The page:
Every Tuesday is "classic disco" night at the Monster, the famed West Village bar/piano bar/dance club - and it's heaven. Wonderfully danceable tunes are spun from disco's halcyon days (1977-1982), bringing back memories of carefree days when I was first coming out. Although detractors think disco music is no more than "thump thump thump", with bells and whistles thrown in, many songs have delightful lyrics. To pay tribute, here (in no particular order) are 15 of my favorite snippets of lyrics:
"How can you stop a trembling hand, reaching for another hand, even though it is - forbidden love?" (Forbidden Love - Madleen Kane, 1979) I first heard this song during a visit to the Gaiety Theater (long before Madonna discovered it) in Times Square shortly before I moved to NYC (in April 1979).
"We'll find a place for celebrations and dance, and souvenirs and romance, we'll keep on moving." (Souvenirs - Voyage, 1978-79)
"Let's fly away this golden day and magic songs are going to wake us." (Let's Fly Away - Voyage, 1978-79) Wow, two beloved classics on one album!
"Some people ask of me, what are you gonna do, why don't you go get a job?" All that I can say, I won't give up my music - not me, not now, no way, no how! (Lost in Music - Sister Sledge, 1984) The title of this post is also from a classic by these sisters (but you probably already knew that).
"Late night flight, LAX, limousine and you're all set on Sunset." (Sunset People - Donna Summer, 1979)
"It's a nightmare, it's a daymare, it's an every-which-way-mare." (Faster and Faster to Nowhere - Donna Summer, 1977) I could easily write a post devoted just to Summer's songs.
"Your body, my body, everybody move your body." (Let's All Chant - Michael Zager Band, 1978) This was the first 12-inch single I purchased. It was also featured in a scene in the movie The Eyes of Laura Mars, starring Faye Dunaway.
"Baby, my heart is full of love and desire for you. Now come on down and do what'cha gotta do. You started this fire down in my soul. And now it's burning out of control." (Don't Leave Me This Way - Thelma Houston, 1977) This song is distinguished by its beautifully plaintive opening.
"Now, there's no need for me to eat an apple every day, oh he's all I ever need to take any pain away." (Dr. Love - First Choice, 1977) Whenever I hear this song I think of a former roommate whose disdain for disco music began after hearing the lyrics of this song.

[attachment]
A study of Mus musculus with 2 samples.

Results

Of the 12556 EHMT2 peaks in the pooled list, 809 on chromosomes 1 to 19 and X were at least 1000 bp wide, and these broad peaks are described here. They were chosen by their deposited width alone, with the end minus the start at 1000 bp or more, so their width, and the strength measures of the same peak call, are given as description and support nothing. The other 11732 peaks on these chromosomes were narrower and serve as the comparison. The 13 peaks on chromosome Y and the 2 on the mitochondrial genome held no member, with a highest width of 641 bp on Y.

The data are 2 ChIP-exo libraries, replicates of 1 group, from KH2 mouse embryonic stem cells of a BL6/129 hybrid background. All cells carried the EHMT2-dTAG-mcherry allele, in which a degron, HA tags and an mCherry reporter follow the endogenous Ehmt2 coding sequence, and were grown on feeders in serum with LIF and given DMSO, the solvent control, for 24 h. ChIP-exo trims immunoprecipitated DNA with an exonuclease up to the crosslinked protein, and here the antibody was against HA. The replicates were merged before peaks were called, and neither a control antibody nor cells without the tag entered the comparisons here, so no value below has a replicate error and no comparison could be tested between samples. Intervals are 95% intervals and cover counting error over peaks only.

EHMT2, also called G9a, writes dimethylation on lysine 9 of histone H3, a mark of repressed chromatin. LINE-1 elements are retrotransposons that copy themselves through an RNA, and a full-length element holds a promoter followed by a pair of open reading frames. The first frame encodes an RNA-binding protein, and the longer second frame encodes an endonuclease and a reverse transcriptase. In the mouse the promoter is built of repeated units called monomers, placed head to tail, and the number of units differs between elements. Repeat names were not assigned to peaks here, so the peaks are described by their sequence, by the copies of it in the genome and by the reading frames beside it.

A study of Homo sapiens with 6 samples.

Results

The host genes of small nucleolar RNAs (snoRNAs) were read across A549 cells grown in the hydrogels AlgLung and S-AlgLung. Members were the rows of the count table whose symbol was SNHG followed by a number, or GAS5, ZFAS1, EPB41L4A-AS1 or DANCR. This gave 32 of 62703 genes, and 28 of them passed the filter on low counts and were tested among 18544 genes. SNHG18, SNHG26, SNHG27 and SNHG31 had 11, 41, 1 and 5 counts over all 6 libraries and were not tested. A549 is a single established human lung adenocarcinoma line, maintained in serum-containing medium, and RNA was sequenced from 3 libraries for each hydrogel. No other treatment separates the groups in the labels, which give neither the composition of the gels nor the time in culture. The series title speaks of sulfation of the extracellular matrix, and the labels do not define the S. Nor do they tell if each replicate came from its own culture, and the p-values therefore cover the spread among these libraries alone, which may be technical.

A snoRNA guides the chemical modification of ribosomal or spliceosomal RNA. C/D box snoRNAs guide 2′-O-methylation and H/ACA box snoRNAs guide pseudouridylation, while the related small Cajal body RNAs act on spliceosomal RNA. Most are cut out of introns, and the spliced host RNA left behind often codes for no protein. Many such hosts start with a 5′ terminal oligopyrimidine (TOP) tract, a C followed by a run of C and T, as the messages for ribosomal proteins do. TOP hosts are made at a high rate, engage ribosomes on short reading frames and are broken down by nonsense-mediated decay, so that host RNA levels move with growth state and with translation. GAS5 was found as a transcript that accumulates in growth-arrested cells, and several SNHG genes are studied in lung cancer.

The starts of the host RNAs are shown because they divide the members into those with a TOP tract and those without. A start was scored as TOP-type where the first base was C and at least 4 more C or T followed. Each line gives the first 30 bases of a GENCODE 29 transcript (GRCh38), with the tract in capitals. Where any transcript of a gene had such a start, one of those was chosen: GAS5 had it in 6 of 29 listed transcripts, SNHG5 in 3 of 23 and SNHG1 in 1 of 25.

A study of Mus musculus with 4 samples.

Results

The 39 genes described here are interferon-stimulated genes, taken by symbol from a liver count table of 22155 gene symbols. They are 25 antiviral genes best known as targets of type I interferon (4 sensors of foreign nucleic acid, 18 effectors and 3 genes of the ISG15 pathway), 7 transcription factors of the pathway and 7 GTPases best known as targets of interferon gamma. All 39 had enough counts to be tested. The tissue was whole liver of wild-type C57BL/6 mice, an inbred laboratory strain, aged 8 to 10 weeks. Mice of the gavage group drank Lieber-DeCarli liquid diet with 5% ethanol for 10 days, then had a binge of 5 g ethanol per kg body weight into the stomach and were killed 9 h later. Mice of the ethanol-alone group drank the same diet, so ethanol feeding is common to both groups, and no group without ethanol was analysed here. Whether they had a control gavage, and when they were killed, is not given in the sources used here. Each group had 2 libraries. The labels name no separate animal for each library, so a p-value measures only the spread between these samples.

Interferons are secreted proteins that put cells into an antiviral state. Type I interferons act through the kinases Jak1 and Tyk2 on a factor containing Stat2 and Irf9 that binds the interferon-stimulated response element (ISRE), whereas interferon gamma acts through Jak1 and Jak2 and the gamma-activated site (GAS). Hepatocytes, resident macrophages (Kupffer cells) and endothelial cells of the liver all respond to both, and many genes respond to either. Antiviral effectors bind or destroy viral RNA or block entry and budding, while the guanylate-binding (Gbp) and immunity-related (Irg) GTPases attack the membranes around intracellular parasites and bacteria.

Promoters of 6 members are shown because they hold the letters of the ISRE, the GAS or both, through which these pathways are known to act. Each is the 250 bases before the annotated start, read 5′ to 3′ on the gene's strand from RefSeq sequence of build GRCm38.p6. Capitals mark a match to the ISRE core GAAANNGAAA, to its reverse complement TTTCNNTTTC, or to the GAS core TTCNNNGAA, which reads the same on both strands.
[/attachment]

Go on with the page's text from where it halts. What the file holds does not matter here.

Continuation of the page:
"And when she's sweet sixteen, she packs her things and leaves with a man she met on the street. Carmen starts to bawl, bangs her head to the wall - too much love is worse than none at all." (There But for the Grace of God - Machine, 1979) A "message" song that you can dance to! Radio stations often played a more "listener friendly" version which replaced the phrase "no blacks, no Jews and no gays" with "where only upper class people stay".
"You're too much for me, there's a fire in me, DAMN YOU sinner man!" (Sinner Man - Sarah Dash, 1978) Dash is a former member of the group Labelle.
"Blow horns, you sure sound pretty, your violins keep moving to the nitty gritty. When you hear the sound of the guitar scratchin', then you know that rhythm carries all the action." (Turn the Beat Around - Vicki Sue Robinson, 1976) An early crossover hit, recently its melody was used in a commercial for "I Can't Believe It's Not Butter", starring Will & Grace's Megan Mullally. To view it double click here.
"Better think - what it's like to be all alone. Better think - what it's like in an empty home. Better think - cause I'm willing to forgive and forget. Better think - about the love that you ain't gonna get - oooh!" (Think it Over - Cissy Houston, 1978) Cissy Houston is Whitney's mother and, in fact, 15-year-old Whitney provided background vocals. The following video clip has high camp value - a dance instruction video for white middle America overlaid with Cissy's song.
"How many times have your feelings been ignored, and you say to yourself, "this is it!" Here it comes again, you've got love again, just when you thought you had yourself together." (In the Name of Love - Sharon Redd, 1982) Redd was one of Bette Midler's back-up singers in the 1970s known as the Harlettes. She died of AIDS in 1992.
"Sweet sensation, I can’t find the words to explain. You're such a hot temptation, you just walk right in and take me away." (Love Sensation - Loleatta Holloway, 1980) With Holloways's growling, passionate voice, can you imagine anyone else singing this fierce classic?